Backstory and Context
Built in 1866, the Powell-Redmond House sits atop a small hill in Clifton, West Virginia that looks down on the mighty Ohio River. Nestled back away from the main road this property is surrounded by trees and it makes you feel that you have stepped back in time. It sits on over 3 acres and is privately owned at the present time. This is an expansive 2.5 story brick home that one can get lost in. With 14 rooms in all, including 4.5 baths, is an architectural masterpiece with history woven into every brick. This home also has a ballroom and a library, who wouldn’t love that?
This home was built by William Henry Powell who was an American soldier during the Civil War and received the Medal of Honor for his heroism during the Battle of Sinking Creek in Virginia on November 26, 1862. He was responsible for capturing a 500 man camp with his meager 21 men and there wasn’t a single man lost. He received the award in July of 1890. The next year Powell was shot while leading cavalry in Wytheville, Virginia; although he survived the initial wound he was later captured and became a prisoner of war. After this he went on to command the 2nd West Virginia Volunteer Cavalry Regiment.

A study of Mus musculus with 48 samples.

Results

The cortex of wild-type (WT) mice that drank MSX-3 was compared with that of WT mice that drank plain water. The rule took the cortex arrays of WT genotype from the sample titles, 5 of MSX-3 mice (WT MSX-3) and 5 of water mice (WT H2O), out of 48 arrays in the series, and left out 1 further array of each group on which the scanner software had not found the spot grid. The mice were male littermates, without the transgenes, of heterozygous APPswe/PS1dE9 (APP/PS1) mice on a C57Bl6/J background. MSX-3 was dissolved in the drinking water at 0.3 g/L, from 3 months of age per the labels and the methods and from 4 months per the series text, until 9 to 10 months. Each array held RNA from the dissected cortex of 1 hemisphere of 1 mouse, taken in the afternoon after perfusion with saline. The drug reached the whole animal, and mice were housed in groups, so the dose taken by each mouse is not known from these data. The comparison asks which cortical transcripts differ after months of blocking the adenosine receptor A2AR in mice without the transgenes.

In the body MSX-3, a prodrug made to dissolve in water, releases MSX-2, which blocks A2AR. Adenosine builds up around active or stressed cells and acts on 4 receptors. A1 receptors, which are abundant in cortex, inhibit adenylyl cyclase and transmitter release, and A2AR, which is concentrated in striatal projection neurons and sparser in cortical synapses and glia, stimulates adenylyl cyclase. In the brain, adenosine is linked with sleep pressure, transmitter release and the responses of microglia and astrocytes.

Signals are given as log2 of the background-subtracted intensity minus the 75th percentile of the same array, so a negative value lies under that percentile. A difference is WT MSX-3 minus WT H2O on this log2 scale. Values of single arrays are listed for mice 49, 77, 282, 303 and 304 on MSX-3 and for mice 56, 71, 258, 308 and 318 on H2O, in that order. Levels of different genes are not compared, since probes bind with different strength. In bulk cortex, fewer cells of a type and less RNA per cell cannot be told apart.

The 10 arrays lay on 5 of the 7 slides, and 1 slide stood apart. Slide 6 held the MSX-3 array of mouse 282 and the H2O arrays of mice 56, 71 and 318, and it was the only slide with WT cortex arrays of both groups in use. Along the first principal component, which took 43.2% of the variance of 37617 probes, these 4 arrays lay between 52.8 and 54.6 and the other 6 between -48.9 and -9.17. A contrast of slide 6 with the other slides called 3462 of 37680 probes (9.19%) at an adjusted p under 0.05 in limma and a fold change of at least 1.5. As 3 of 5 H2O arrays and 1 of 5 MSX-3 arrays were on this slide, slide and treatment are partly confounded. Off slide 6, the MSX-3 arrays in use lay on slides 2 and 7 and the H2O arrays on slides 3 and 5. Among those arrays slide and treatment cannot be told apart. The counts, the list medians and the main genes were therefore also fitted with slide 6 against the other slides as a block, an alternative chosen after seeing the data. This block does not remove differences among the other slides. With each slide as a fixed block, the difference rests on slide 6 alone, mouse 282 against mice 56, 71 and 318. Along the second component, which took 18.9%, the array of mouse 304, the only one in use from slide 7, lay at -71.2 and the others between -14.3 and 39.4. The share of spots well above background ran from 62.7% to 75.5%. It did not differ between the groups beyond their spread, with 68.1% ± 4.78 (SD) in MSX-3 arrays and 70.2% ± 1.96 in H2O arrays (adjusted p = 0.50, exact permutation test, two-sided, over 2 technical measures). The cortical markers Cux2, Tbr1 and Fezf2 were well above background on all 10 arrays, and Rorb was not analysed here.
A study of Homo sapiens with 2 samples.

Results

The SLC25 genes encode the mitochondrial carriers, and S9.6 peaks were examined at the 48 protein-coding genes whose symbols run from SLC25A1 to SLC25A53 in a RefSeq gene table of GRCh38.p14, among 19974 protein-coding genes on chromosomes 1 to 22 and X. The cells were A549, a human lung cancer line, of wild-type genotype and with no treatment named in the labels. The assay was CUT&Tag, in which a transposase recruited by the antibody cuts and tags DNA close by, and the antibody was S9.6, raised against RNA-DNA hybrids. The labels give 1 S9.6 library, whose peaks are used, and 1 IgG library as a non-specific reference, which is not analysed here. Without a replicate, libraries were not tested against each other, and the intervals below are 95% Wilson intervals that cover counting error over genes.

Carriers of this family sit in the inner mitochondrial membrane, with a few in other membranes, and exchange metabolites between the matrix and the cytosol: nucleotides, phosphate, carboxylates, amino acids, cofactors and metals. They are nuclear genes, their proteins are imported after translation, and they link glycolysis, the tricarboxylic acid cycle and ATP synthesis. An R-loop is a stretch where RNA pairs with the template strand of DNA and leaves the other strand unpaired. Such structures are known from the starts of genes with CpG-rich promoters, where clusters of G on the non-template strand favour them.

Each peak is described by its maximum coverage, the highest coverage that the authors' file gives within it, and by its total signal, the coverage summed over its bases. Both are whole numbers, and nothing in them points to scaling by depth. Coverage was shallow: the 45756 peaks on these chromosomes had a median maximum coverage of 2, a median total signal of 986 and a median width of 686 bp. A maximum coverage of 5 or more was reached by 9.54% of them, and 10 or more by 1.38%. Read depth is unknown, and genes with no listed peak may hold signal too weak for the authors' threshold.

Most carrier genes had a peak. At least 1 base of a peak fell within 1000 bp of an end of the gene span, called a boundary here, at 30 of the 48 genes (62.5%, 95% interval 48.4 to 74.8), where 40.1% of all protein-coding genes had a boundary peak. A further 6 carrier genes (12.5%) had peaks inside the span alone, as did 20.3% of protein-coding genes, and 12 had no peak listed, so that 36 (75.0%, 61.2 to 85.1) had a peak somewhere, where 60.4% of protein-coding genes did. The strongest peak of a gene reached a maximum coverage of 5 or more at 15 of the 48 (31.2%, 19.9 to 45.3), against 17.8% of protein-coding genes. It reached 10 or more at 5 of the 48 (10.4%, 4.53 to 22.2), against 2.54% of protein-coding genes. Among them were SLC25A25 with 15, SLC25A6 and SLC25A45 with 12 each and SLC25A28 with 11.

Powell was born in Pontypool, Wales on May 10, 1825, and his family later emigrated to Tennessee when he was just five years old. Before enlisting in the army at the age of 36, Powell was a manager of the Lawrence Iron Works in Ohio. After the war he went back to work and made nails for the rest of his life. Powell would die in Belleville, Illinois in 1904.
Powell and his family lived in the home that he built from 1866 to 1871. During the time that the family lived there a huge party was held on its lawns in celebration of Ulysses S. Grant’s victory during the presidential election in 1868. After Powell sold the nail factory he built in 1871, the family moved to Kansas. This property was later purchased by Benjamin Redmond in 1885 that was part of a prominent West Virginia family. He was a Mason County attorney and was active in the community. ‘Judge’ Redmond’s family still owns this property, although it has been on the market for some time now.
This home holds its significance as one of the finest landmarks in this part of the county and should be viewed with respect. Over the years updated have been done and it has been modernized in some ways, but the old, historic ambiance is ever present. Tours of this home can be arranged with the current owners and can be reached at the number given above.